God’s Own Country is one of those films where I didn’t realise how much I loved it until the end credits began and I became aware of just how moved I was and how well-crafted a film it is. The film begins bleakly on a windswept farm in Yorkshire in northern England, and the protagonist is Josh, a morose and bitter young man whose only outlets from the drudgery of farm life is binge drinking and anonymous sex. Farm life and his personal life are characterised viscerally with dirt, flesh and bodily fluids. When Romanian migrant worker Gheorghe first enters the picture to work with Josh it’s difficult to see what he or the audience will find appealing about his new surroundings and companion. By the end of the film, Yorkshire had become a place of sublime beauty, Josh had convincingly matured and evolved into a character of depth and compassion, and God’s Own Country had become one of the most touching, heartfelt and sincere films that I have seen all year. For a film that seemed impenetrable when it began, I ended up not wanting it to end.
While the title of the America romantic comedy The Big Sick identifies illness as the main source of drama in this based-on-a-true-story film, the real source of the film’s pathos and laughs is how well it navigates cultural clashes in contemporary America. Much of the film’s charm comes from how well it depicts the traditional Pakistani Muslim family that actor/writer Kumail Nanjiani (who plays a version of himself in the film) comes from. The difficulties Kumail faces in rejecting his family’s attempts to arrange a marriage for him with another Pakistani woman, to instead pursue his love for American woman Emily Gardner (played by Zoe Kazan and based on writer Emily V Gordon), is treated with humour, but never derision or condemnation. This is a film about navigating family as much as it is about finding love, and it’s refreshing, nuanced and very funny.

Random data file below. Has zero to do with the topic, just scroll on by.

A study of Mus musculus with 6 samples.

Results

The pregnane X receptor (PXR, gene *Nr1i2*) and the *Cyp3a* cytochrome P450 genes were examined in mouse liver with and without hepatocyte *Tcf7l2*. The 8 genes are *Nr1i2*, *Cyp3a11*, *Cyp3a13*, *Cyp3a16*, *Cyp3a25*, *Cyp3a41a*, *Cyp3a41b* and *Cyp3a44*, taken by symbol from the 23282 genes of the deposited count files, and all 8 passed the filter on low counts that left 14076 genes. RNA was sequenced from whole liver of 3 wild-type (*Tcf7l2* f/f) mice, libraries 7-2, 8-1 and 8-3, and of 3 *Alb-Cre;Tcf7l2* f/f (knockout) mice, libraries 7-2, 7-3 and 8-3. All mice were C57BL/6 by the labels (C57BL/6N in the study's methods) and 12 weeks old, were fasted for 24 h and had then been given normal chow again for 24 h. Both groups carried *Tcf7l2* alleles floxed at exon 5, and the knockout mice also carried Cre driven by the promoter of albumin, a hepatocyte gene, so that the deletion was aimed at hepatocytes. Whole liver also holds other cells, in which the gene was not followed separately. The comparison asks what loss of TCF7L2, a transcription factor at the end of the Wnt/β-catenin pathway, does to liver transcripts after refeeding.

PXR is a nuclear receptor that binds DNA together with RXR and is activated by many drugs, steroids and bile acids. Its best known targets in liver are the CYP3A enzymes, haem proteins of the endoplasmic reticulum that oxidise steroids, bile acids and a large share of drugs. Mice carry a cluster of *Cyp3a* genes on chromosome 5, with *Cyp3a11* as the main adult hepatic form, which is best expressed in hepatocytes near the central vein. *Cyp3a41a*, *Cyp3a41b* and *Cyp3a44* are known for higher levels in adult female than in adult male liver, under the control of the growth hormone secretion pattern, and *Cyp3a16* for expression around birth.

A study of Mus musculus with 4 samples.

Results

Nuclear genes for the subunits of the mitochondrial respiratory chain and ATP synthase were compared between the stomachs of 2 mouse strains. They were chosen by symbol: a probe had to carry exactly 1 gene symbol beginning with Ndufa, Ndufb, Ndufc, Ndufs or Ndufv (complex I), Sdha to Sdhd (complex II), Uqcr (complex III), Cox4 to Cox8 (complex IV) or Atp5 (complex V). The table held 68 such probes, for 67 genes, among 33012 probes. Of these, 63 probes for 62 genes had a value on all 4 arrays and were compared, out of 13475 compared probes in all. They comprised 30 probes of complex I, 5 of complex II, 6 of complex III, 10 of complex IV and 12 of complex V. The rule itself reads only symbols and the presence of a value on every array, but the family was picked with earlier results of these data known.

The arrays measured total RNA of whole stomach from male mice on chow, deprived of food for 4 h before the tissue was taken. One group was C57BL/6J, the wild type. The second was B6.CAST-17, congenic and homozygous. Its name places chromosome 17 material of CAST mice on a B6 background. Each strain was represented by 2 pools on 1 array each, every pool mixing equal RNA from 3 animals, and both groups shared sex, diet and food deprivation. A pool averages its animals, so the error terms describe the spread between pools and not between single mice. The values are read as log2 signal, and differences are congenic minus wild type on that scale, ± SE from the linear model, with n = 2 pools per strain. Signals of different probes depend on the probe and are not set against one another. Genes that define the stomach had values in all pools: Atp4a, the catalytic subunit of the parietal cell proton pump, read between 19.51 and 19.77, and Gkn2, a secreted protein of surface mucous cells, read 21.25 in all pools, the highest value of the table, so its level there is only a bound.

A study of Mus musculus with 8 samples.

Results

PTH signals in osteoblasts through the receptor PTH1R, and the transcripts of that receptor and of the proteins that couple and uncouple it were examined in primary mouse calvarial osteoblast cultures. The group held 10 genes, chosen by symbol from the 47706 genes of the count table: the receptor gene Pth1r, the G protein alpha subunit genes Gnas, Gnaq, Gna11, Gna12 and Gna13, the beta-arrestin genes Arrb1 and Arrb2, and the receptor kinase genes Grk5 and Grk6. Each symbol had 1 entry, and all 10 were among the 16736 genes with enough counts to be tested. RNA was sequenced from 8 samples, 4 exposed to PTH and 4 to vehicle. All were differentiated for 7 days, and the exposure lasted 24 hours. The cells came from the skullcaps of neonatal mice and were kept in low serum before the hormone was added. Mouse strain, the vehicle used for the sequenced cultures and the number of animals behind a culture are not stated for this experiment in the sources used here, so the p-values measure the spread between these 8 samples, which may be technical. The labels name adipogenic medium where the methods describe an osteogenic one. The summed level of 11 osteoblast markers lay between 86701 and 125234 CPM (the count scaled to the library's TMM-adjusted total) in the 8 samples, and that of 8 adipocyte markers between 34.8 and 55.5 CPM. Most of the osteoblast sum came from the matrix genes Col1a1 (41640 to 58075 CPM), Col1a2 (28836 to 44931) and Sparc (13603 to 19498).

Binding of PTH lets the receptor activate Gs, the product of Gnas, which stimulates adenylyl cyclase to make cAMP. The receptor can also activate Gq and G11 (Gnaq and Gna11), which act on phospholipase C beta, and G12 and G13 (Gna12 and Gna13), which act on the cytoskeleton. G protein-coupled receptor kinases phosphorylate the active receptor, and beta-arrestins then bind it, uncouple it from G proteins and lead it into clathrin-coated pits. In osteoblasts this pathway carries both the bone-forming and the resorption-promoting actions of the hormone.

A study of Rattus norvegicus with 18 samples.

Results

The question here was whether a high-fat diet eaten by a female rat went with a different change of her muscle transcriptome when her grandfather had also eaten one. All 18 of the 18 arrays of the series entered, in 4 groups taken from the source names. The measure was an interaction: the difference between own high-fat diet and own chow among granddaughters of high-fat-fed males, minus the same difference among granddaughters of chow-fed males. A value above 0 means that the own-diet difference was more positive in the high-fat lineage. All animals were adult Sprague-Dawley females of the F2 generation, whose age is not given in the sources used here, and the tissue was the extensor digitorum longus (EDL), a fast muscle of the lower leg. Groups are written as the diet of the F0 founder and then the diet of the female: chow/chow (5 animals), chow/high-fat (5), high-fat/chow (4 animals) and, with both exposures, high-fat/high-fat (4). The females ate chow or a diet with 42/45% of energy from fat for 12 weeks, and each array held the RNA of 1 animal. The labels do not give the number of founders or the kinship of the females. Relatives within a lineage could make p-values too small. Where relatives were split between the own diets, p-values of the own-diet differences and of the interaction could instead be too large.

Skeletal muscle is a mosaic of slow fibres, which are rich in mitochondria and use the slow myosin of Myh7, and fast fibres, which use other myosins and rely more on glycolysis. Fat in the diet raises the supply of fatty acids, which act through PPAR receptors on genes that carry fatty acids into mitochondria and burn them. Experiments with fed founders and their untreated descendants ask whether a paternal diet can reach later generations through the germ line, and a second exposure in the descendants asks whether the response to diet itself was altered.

Since seeing James Gray’s The Lost City of Z I’ve since discovered that there is a lot of debate about the significance of 20th century British explorer Percy Fawcett and the value of his various expeditions into the Amazon rainforest. The extent to which the film may be printing the legend over the facts didn’t really concern me as my interest was how the film worked as a sort of revisionist explorer film that downplayed the heroics and hardships of being in the jungle, and instead presented a critique of the colonialist spirit of conquering and taming supposedly uncivilised parts of the world. The film challenges attitudes towards gender, race and class while still celebrating the spirit of exploration and honouring the ultimate mystery and tragedy of what happened to Fawcett.
With only two episodes to go, the new series of Twin Peaks has continued to be continuously inventive, delightful, dark, hilarious, strange and brilliant. For the most part it has avoided indulging in nostalgia or fan service, often by referencing the original series only in ways that are completely unexpected. But that moment in episode 16 was executed brilliantly and completely worth the wait.